At Christ the Sower we understand the importance of maths in everyday life and so want to equip all children with the mathematical skills and knowledge for them to succeed. Our maths curriculum provides children with:

  • a crucial foundation for all future mathematical learning
  • the ability to reason and problem solve mathematically
  • an appreciation of the beauty and power of maths
  • a sense of wonder, enjoyment and curiosity for the subject.

From Spring 2023, we have begun to use the White Rose materials as a foundation. From here we are developing a maths curriculum that is challenging and coherently sequenced to allow all children to succeed. By adapting the White Rose overviews, we ensure coverage and that skills progress logically and in small steps that the children can build upon. All maths content is carefully sequenced within the curriculum so that new knowledge build on prior knowledge. This then allows children to remember and know more over time. Our maths curriculum allows children to spend a greater amount of time building their number competency so that skills and knowledge are embedded into the children’s long-term memory.

Monitoring suggests that our children find reasoning and problem solving challenging therefore, we encourage all children to reason mathematically by justifying and proving their answers, using the correct mathematical language. Children are equipped to solve problems by applying their mathematical knowledge to a variety of contexts.

Maths is taught in a language rich environment, using a wide range of resources and practical activities to allow all children to explore concepts through a CPA (Concrete, Pictorial, Abstract) approach. We are developing a clear understanding of the value and importance of the CPA approach so that pupils experience maths in a variety of ways.

Children find the retention of mathematical concepts challenging and so our robust programme of embedding and revisiting knowledge and skills ensures learning is a change in the long term memory. This guarantees that when children leave Christ the Sower they will know more, remember more and understand more. We analyse the key skills we want all of our children to be secure in but know that for those who are disadvantaged we need to build in a foundation of oracy, language acquisition, resilience and a growth mindset that enables children to believe that they can achieve. Self-regulation makes sure that there are high expectations in learning that are built into our maths curriculum. This allows our curriculum to maximise opportunities and that the children can take greater responsibility and pride for their own learning.


  • Monitoring and baseline assessments show that children enter the school with gaps in their fundamental and basic maths skills eg number bonds and times tables.
  • Maths ‘rich’ classrooms in terms of vocabulary, stem sentences, modelled work and responses.
  • High quality maths talk (eg I say, you say, we say and use of stem sentences) so that language is modelled and children can confidently speak using mathematical vocabulary.
  • Implementation of the White Rose materials, which are adapted and tailored to meet the needs of our children.
  • The White Rose scheme has an emphasis on number, so a large proportion of time is spent developing these fundamental skills.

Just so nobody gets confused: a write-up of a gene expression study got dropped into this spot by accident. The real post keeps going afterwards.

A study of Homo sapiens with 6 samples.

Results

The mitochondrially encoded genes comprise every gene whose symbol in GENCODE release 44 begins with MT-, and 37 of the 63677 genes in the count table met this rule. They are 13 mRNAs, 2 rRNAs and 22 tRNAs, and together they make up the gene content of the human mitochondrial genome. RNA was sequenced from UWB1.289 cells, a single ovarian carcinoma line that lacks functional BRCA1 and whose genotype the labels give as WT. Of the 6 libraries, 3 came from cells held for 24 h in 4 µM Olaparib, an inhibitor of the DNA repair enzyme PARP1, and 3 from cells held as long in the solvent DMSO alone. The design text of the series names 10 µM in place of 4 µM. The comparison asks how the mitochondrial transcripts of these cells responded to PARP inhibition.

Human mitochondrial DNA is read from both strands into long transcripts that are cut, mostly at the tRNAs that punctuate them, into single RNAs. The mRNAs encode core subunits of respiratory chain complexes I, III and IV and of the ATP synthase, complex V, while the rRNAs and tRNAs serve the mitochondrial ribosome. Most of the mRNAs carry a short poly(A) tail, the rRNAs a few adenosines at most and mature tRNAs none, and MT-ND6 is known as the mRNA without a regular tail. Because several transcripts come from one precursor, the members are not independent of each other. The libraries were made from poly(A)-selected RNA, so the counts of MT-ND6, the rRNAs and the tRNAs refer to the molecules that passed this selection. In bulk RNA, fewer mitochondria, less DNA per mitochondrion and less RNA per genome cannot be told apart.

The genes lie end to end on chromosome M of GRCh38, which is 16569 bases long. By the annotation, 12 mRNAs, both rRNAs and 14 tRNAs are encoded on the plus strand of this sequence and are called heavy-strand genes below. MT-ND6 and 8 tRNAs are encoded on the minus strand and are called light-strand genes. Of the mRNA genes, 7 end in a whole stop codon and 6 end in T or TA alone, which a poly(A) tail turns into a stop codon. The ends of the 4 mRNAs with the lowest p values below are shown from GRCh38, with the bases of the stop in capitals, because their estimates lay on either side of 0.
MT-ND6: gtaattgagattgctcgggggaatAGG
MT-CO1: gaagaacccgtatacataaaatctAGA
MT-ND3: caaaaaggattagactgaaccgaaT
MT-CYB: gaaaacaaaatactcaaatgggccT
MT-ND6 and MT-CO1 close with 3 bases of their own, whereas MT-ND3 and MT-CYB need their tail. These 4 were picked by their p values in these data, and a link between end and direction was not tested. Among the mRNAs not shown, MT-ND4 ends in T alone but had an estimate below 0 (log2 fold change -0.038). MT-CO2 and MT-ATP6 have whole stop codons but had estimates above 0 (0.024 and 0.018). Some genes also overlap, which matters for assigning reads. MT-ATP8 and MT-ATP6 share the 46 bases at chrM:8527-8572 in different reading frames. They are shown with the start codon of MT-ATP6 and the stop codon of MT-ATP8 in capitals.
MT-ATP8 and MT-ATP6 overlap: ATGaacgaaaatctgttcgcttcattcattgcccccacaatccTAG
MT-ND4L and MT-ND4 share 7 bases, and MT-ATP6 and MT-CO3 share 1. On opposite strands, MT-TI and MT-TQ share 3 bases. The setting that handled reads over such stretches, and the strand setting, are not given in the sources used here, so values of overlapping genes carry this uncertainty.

• Training and implementation of bar modelling.
  • Regular INSET, CPD and training (eg bar modelling) to develop subject knowledge and pedagogy for teachers and TAs.
  • Pre-teaching, aimed at our PP, SEND and EAL children, to ensure vocabulary is taught before learning that uses that vocabulary.
  • Regular, targeted interventions to consolidate learning and address misconceptions before the next lesson.
  • Maths marking policy to ensure that misconceptions are addressed, progression is rapid and methods are efficient.
  • Methods are clearly modelled on classroom working walls.
  • Maths Book Expectations to ensure high presentation expectations are met in maths books.
  • Rich and varied resources used in lessons, including practical lessons. Children know where the concrete resources and scaffolds are in their classroom to use whenever needed.
  • Lessons are pitched high so that all children are challenged, lower attainers have the required scaffolds for them to achieve highly too.
  • ‘Grouping’ in Year 5 and 6 has seen a positive impact on pupils enjoyment of maths and their confidence. This has also allowed for good progress to be made, especially for PP and GDS groups.
  • ‘Grouping’ allows those children who need longer to embed their learning, can work at the right pace for them.
  • Regular monitoring by subject lead and maths Governor.
  • Work is being undertaken to ensure children achieve well in the MTC, including TTRS, rolling numbers and times table specific fluency targets.
  • Fluency is a key aspect of mathematical processing and underpinning that is a bank of facts that the children will need to have at their disposal. The knowledge and understanding, that these facts are based on, are taught in class. The facts themselves are then set as targets that the children will be tested on within the term and the progress of these targets will be tracked.
  • To support children further at home, we use MyMaths and TTRockstars.
  • Progress of all children is monitored at termly pupil progress meetings. Any necessary interventions are then planned and put into action.
  • Children receive instant feedback from live marking in the lesson to address misconceptions immediately. Regular marking for books enables us to use it to inform and adapt future planning.